Hybrid Windows Autopilot over VPN

With many more people working remotely, tools like Windows Autopilot that enable users to self-deploy corporate laptops without needing the corporate network or IT assistance are extremely powerful.

However, for organisations that use Active Directory and have their devices set-up as Hybrid Azure AD Joined devices, Windows Autopilot fell foul of VPN connectivity making Hybrid Windows Autopilot a missed opportunity.

Windows Autopilot until now has only worked 100% remotely for Azure AD Joined devices. For devices which are Hybrid Azure AD Joined via Active Directory, Windows Autopilot could fail as it required the device to have line-of-sight to a Domain Controller to perform the Domain Join operation. With the introduction of support for Hybrid Windows Autopilot over VPN (Bring Your Own VPN as the Microsoft documentation calls it) the game has changed.

The way it works, to get 100% remotely deployable Hybrid Windows Autopilot devices is like this; skip the check during the deployment for domain connectivity until the device is able to establish a VPN connection. How does it do the VPN connection you ask? Well through your Microsoft Intune Configuration Profiles of course.

Deploying VPN via Microsoft Intune

Deployment of a VPN connection, software package, or other type of VPN connection via Intune is not new: we’ve had this option for some time. I’m not going to dwell on that for this post as we have another one in the works talking about some of the Microsoft options for VPN focusing on security.

To work with Windows Autopilot, however, you need to make sure that the VPN solution being deployed is going to be compatible with Hybrid Windows Autopilot.

Hybrid Windows Autopilot VPN compatibility

To work, the solution must use device authentication and not user authentication. As a new machine, the user has never logged on before so we don’t have a cached credential for them to use. This is the reason for the VPN connection prior to the user logging in. We need to establish the connection from the Windows 10 login screen using the Network Sign-in option.

Microsoft doesn’t provide an exhaustive list of supported solutions but there are some third-party solutions that are expected to work.

  • Cisco AnyConnect
  • Pule Secure
  • GlobalProtect
  • Checkpoint
  • Citrix NetScaler
  • SonicWall
  • F5 BIG-IP Edge Client

Of course not included in this list but supported is Windows 10 Always On VPN. To re-iterate, the key to success is that the connection must both be set-up to perform device authentication and also to support Windows 10 Network Sign-in at the login screen.

In order to use device authentication, we require a way to authenticate the device which generally means certificates. To get certificates on to a brand new device deployed with Autopilot, that means we don’t have domain connectivity so we can’t rely on Group Policy to push Active Directory Certificate Services settings and auto-enrolment of certificates to the device.

Deploying certificates for Hybrid Windows Autopilot devices

In order to get a certificate to the device as part of the Hybrid Windows Autopilot build process, we need to use something designed for the cloud. That solution is called SCEP or Simple Certificate Enrolment Protocol.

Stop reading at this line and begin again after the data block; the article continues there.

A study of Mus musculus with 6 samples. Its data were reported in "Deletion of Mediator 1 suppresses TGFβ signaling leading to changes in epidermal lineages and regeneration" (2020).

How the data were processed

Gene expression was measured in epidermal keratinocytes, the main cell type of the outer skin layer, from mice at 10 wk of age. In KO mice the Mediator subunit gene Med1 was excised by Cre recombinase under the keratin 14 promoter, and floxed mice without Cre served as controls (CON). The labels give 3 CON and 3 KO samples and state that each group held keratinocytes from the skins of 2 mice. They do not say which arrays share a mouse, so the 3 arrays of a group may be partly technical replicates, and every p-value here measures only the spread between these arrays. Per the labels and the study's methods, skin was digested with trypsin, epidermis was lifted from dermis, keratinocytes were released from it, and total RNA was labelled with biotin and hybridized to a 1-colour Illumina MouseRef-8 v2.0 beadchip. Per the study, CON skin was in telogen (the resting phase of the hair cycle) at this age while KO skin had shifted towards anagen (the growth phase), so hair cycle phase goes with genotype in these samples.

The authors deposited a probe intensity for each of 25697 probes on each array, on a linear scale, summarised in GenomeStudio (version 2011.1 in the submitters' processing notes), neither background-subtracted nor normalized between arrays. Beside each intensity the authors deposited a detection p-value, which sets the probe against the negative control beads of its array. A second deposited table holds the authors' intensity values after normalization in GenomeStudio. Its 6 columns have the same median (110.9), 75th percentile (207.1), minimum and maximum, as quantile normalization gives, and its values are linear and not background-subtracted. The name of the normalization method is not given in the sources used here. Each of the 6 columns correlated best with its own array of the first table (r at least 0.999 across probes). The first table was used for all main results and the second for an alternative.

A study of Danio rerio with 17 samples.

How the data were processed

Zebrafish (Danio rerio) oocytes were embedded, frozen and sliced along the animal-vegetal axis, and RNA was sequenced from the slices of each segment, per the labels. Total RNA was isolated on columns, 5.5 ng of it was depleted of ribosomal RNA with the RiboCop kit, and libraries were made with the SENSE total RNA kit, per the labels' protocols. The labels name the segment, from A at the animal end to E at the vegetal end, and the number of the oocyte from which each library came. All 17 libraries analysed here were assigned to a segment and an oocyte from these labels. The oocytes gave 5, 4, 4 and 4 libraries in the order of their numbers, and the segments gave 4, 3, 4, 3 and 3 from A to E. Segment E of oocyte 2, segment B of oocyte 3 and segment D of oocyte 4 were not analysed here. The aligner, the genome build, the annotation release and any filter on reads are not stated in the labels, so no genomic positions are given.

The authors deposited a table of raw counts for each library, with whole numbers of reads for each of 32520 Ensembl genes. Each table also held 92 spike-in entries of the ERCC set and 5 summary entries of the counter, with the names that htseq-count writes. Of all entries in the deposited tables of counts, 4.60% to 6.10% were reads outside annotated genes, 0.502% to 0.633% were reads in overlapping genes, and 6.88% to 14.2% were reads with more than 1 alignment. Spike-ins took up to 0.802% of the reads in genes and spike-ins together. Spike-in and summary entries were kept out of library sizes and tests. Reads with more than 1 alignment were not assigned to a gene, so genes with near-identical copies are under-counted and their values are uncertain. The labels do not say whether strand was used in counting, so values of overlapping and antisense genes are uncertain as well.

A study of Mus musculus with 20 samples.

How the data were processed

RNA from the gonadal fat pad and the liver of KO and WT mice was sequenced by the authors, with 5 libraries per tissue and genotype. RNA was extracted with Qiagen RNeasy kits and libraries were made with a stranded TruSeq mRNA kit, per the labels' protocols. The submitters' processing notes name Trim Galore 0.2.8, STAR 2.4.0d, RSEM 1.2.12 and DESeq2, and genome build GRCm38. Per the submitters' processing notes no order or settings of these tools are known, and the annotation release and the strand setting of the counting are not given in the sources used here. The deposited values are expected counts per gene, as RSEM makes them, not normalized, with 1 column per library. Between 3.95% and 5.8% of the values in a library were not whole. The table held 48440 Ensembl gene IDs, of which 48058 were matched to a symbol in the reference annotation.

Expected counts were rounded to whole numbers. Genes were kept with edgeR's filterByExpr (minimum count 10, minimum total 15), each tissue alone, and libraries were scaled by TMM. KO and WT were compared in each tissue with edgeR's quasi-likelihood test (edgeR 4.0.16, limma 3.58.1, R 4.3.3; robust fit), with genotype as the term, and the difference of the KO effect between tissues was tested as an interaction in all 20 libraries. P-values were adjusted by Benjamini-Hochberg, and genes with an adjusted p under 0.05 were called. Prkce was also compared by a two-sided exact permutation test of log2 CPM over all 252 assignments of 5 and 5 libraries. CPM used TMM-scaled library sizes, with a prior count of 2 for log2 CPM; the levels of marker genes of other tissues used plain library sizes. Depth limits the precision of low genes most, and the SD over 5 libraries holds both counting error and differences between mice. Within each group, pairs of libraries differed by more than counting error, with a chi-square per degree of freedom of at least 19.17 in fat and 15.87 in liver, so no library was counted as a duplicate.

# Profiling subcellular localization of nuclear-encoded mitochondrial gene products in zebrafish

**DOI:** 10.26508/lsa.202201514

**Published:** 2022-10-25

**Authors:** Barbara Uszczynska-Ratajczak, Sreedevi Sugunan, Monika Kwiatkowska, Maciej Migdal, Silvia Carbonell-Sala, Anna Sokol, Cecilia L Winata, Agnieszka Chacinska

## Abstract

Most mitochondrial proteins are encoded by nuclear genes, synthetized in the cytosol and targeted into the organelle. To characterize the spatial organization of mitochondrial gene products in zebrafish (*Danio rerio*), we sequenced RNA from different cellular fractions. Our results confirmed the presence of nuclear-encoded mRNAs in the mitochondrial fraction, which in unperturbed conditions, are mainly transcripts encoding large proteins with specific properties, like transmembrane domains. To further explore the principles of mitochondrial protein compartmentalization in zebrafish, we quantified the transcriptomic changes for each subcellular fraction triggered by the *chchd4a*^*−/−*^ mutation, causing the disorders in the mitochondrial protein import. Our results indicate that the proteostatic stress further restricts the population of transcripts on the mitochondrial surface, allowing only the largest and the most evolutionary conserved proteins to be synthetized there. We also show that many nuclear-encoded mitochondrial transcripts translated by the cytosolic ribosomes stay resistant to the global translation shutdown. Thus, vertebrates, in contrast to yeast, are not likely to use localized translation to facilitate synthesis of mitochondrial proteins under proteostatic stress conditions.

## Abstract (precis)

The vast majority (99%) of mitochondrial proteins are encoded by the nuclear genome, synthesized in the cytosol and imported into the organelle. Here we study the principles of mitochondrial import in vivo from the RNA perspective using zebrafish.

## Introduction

By integrating an on-premises Active Directory Domain Services (ADCS) Public Key Infrastructure with Microsoft Intune, we can deploy certificates to these devices via Microsoft Intune using a Device Configuration Profile.

This sounds complex and like a security concern but honestly, once you are familiar with how it works, it is quite secure due to the way the connectors work using outbound connections and not inbound connections (*). So long as the environment is set-up correctly and the various steps are followed, it also doesn’t need to be that complicated.

* this is assuming that you use Azure AD Application Proxy to publish the Network Device Enrolment (NDES) service but you can publish it via Web Application Proxy and other routes too.

The only real challenge is dealing with certificate validation through the Certificate Revocation List (CRL) and even that’s easily solved with a bit of automation and an Azure Storage Account that costs pennies per month.

With everything set-up and working, Windows Autopilot devices will be able to request and retrieve a certificate via Microsoft Intune from your on-premises PKI, trust the certificate by trusting your Certificate Authority, install any VPN clients that are required even if they are Win32 app and not just using the native Windows VPN client.

You can even use the same methodology with SCEP to deploy certificates and a VPN connection to Android, iOS, and macOS devices too.

Device deployment nirvana

With everything set-up and working correctly, you can achieve what you always wanted with Endpoint Configuration Manager but never could quite manage. A device that you can literally hand to a user, fresh out the box, set-up exactly how your organisation needs it, apps and all, no matter where the user is so long as they have an Internet connection.

If you want to be able to achieve this level of self-service and hands-off machine deployment or you want to get started with Microsoft Intune and find out more about what you can do with Azure Active Directory to assist in device management, let us know and we’ll be happy to assist.